Much of the snow in the lower elevations has melted across the Inland Northwest. Many are wondering if winter is coming to an end since the famous groundhog, Punxsutawney Phil, did not see his shadow on Feb. 2. According to legend, if the groundhog does not see his shadow, then an early spring is right around the corner.
However, residents in the Northeast are digging out from one of the biggest snowstorms in recorded history. This historic blizzard in New England caused several deaths and left at least 650,000 homes and businesses without electricity.
More than 38 inches of snow buried Milford, Conn., and Portland, Maine, received an all-time record 31.9 inches of snow, breaking its previous mark of 28.6 inches in 1979.
Boston gauged 24.9 inches of snow. Concord, N.H.., measured exactly 2 feet of snow from the blizzard.
Hurricane-force winds of 82 mph caused beach erosion along some of the same areas of the north Atlantic coastline blasted by Hurricane Sandy last fall. A rare eye was spotted in the middle of the blizzard when it passed just east of Westport, Conn., early Saturday morning on its way out to sea.
It appears that more snow is expected across the Northeast this weekend, but amounts should be much lighter this time around.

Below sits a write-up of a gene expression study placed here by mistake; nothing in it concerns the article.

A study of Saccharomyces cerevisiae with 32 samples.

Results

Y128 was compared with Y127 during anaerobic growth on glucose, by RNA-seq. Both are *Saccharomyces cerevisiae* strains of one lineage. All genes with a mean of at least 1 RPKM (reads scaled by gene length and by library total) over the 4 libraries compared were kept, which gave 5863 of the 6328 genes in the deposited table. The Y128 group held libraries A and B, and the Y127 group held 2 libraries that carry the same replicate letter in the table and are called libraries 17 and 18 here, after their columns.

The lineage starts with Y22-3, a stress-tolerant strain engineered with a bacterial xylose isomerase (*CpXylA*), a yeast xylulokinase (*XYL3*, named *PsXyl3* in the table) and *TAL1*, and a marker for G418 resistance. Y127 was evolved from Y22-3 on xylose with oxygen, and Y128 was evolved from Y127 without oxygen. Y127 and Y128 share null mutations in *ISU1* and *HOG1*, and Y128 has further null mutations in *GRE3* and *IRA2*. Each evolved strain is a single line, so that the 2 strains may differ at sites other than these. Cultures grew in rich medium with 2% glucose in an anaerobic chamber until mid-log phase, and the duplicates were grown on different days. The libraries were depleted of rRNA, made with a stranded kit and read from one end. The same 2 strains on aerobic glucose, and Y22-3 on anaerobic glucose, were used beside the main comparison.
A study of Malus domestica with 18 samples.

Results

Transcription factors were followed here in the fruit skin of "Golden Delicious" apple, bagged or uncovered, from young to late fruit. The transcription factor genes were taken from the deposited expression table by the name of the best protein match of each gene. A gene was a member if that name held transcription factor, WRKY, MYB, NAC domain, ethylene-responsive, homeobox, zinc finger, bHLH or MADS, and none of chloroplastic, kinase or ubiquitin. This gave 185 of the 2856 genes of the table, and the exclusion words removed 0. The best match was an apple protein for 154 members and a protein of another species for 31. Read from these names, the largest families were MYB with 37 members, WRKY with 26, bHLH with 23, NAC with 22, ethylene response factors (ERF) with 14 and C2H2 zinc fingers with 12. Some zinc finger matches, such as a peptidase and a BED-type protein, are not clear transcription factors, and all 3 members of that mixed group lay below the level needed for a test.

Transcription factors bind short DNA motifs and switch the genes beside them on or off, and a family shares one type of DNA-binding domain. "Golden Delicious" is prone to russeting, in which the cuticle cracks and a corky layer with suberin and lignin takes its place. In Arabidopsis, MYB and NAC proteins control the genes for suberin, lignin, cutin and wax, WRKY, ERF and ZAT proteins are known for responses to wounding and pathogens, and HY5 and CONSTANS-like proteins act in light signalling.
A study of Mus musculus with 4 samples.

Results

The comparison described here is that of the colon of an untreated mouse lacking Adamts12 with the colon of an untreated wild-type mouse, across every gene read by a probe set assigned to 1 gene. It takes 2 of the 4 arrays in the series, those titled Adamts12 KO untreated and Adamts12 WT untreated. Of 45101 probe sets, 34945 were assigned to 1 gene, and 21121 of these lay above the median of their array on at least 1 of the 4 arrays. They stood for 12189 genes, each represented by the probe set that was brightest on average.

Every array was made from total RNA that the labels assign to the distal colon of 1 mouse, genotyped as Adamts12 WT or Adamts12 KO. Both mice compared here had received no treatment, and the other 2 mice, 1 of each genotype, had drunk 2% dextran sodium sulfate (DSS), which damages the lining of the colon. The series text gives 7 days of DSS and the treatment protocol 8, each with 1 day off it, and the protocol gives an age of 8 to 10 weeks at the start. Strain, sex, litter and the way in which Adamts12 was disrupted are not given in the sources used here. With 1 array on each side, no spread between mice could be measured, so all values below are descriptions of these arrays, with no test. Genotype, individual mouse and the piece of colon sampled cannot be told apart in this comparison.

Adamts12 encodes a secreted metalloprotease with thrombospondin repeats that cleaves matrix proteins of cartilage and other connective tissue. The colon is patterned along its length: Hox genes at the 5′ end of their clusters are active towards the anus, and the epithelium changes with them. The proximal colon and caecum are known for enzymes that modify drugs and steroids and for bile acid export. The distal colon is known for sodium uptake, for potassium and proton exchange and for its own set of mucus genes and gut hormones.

Across our region, high pressure has kept our weather drier than normal and chilly. We’ve had some breaks of sun this week as temperatures for the month of February have been very close to normal. As of early Tuesday, only 0.04 inches of moisture has fallen at Spokane International Airport, which is nearly a half-inch below average. Only 0.3 inches of snow has fallen in February, but for the 2012-’13 season, 38.5 inches has been measured. The normal for the season is about 46 inches.
There’s the possibility of some rain or snow showers next week. I do see a better chance of snow toward the end of February and into early March. We’ve likely seen the heavier snows of this winter, but don’t be too surprised if we pick up another 6 to 10 inches of snow between now and early April.
It looks like a new, colder La Niña sea-surface temperature event is forming in the south-central Pacific Ocean. If the ocean waters continue to cool, then the chances of a wet spring go up. Stay tuned.